Leading toward the “extreme center”
The book “Going to Extremes” explains why people tend toward group polarization. Christian leaders have a responsibility to help their communities engage diverse viewpoints and love enemies, says L. Gregory Jones.
Genocide. Terrorism. Cultural and political polarization on the left and the right. Schisms within the Anglican Communion. Worship wars in congregations.
Why do human beings tend to harden their positions in many situations, becoming prone to rigidity, demonizing others and even physical violence? That is the question that animates Harvard Law Professor Cass Sunstein in his new book, “Going to Extremes.” His answer, on one level, is deceptively simple: “When people talk to like-minded others, they tend to amplify their pre-existing views, and to do so in a way that reduces their internal diversity.” To study the theory, Sunstein asked a group to read a case on corporate misconduct and recommend punitive damages. When put in a room to deliberate together, the group recommended awards beyond any one person’s recommendation. The group went to extremes.
Polarization in American culture is worsening, Sunstein says, as we have shifted from a “culture of serendipity” to a “culture of control.” Rather than gathering information from a wide variety of places and being surprised by what we learn, we control the information we access, including the television channels we watch and the groups we join.
Christians can recognize the development of extreme positions as the consequence of sin, but we are not immune from such behavior ourselves. Mainline Protestants caricature evangelicals and vice versa. Protestants caricature Catholics and vice versa. Even worse are the polarizations within denominational families that are then reflected in institutions. Seminaries might be arenas for raising up leaders capable of leading people away from polarizing extremes; but too often we produce partisans better equipped for partisanship than for genuine leadership. Too often we become weaker precisely at the point where we fail to lead.
What would have happened to the Jerusalem Council (Acts 10-15) if the opposing parties, on the question of whether Gentiles needed to be circumcised to be followers of Jesus, had gone the direction of group polarization, rather than struggling together with discernment? Instead, they met in conference, sought discernment through prayer and discussion, and eventually found a path forward. Their decision begins: “For it has seemed good to the Holy Spirit and to us….” The council sought genuine guidance from the Holy Spirit and included diverse viewpoints. The announcement of a decision was not a verbal grenade launched from behind the barricades of one polarized group toward others, but rather the reflection of genuine discernment.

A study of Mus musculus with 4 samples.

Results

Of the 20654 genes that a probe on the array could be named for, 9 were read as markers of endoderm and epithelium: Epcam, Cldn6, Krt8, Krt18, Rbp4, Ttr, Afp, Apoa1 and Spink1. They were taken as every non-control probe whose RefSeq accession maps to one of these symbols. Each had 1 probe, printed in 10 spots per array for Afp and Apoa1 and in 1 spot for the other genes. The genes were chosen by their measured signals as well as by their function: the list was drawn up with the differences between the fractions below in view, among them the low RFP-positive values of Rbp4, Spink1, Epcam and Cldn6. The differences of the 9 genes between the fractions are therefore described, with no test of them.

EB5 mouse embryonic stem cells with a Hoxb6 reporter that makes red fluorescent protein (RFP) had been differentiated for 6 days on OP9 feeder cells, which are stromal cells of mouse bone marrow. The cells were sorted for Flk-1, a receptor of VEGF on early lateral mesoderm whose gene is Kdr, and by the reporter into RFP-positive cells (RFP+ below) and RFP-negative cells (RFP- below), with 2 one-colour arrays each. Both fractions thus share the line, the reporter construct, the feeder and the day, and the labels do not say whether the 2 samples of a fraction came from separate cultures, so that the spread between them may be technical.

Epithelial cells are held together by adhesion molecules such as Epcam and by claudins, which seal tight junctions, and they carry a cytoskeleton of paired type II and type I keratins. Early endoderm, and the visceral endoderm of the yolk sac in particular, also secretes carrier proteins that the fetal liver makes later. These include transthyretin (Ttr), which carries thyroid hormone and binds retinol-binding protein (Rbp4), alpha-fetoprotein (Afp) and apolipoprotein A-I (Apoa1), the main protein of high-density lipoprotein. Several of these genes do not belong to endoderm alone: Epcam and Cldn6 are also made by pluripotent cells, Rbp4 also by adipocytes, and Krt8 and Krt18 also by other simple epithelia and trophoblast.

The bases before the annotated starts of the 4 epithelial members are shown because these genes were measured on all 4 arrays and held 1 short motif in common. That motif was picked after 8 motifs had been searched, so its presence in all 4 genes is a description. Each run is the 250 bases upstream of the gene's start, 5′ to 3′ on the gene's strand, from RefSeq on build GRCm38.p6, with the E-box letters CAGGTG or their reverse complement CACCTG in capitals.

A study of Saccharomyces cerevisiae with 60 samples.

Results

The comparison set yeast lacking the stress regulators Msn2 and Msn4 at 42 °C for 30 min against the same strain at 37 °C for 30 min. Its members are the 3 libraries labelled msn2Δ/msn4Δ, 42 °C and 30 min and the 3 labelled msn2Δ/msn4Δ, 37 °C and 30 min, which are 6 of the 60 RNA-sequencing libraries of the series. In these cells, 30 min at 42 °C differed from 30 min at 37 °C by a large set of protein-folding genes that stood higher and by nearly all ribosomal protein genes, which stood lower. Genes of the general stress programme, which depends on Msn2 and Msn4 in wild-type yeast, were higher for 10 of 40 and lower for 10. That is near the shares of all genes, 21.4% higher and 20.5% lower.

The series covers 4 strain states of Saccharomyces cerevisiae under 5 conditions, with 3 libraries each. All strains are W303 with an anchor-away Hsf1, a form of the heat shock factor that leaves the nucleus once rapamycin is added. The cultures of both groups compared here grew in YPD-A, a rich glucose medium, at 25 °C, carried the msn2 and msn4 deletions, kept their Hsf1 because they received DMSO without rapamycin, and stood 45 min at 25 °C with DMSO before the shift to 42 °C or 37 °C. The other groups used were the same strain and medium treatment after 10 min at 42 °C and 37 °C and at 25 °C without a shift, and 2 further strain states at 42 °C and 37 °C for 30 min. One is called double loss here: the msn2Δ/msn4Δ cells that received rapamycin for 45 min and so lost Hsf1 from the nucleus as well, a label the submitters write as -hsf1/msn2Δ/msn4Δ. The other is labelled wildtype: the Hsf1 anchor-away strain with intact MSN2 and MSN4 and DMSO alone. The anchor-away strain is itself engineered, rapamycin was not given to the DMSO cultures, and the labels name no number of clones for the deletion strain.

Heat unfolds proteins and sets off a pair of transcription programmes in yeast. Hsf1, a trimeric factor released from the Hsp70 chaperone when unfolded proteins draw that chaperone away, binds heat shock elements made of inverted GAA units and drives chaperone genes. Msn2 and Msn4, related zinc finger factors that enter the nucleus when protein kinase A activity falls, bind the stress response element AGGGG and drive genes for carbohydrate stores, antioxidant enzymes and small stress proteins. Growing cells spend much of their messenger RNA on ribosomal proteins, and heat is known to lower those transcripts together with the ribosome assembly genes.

In such a process, transformative leadership matters. Sunstein notes that people are moved toward appreciation -- though not necessarily approval -- of others’ positions not by the arguments of their antagonists, but rather by trusted leaders who help them to engage diverse convictions and opinions constructively and fairly. Abraham Lincoln’s leadership was exemplary in this regard, as was Nelson Mandela’s. So too is the transformative leadership of many pastors and Christian institutional leaders, who embody such commitments in the very character of their day-to-day work: shaping sermons, leading conversations, guiding processes of discernment, appointing people to leadership positions within their institutions. Christians are called to love our enemies, which ought to include finding the spaces and contexts in which we can learn to appreciate, and indeed to love, those from whom we are estranged and even those with whom we disagree.
The solution to group polarization and the tendency to go to extremes is not to engage in weak-kneed compromises or evasive tolerance in which people commit to avoiding each other. Neither is it to become like the church in Laodicea in the Book of Revelation, which was “spewed out” of the Lord’s mouth because it was lukewarm, neither hot nor cold.
If we have a tendency to go to extremes, what if we search for the “extreme center,” for holding ideas in tension rather in opposition to one another? We ought not shy away from strong convictions, and even “extreme” commitments to truth, goodness, beauty, forgiveness, justice and love. At the same time, we long for leaders, and institutions, that genuinely move us forward, embodying Jesus’s call to love our enemies and recognize with humility that whatever our convictions, we “see through a glass, darkly” (1 Corinthians 13:12). We do see; but there are also things we do not yet see.
Too many Christian institutions are preoccupied with survival rather than focused on preparing people to become leaders who can cultivate healthier and more faithful congregations, nurture stronger Christian discipleship and help to shape more life-giving, thriving communities. Paul reminds us that our vocation comes from God, “who reconciled us to himself through Christ, and has given us the ministry of reconciliation.” We are thereby called to be “ambassadors for Christ” (2 Corinthians 5:18, 20). We ought to embody this ambassadorial role not only in our individual lives, but in the character of our communities and institutions. Can we offer a witness in the midst of polarized extremes, mobilizing transformative leaders and vibrant institutions toward the extreme center?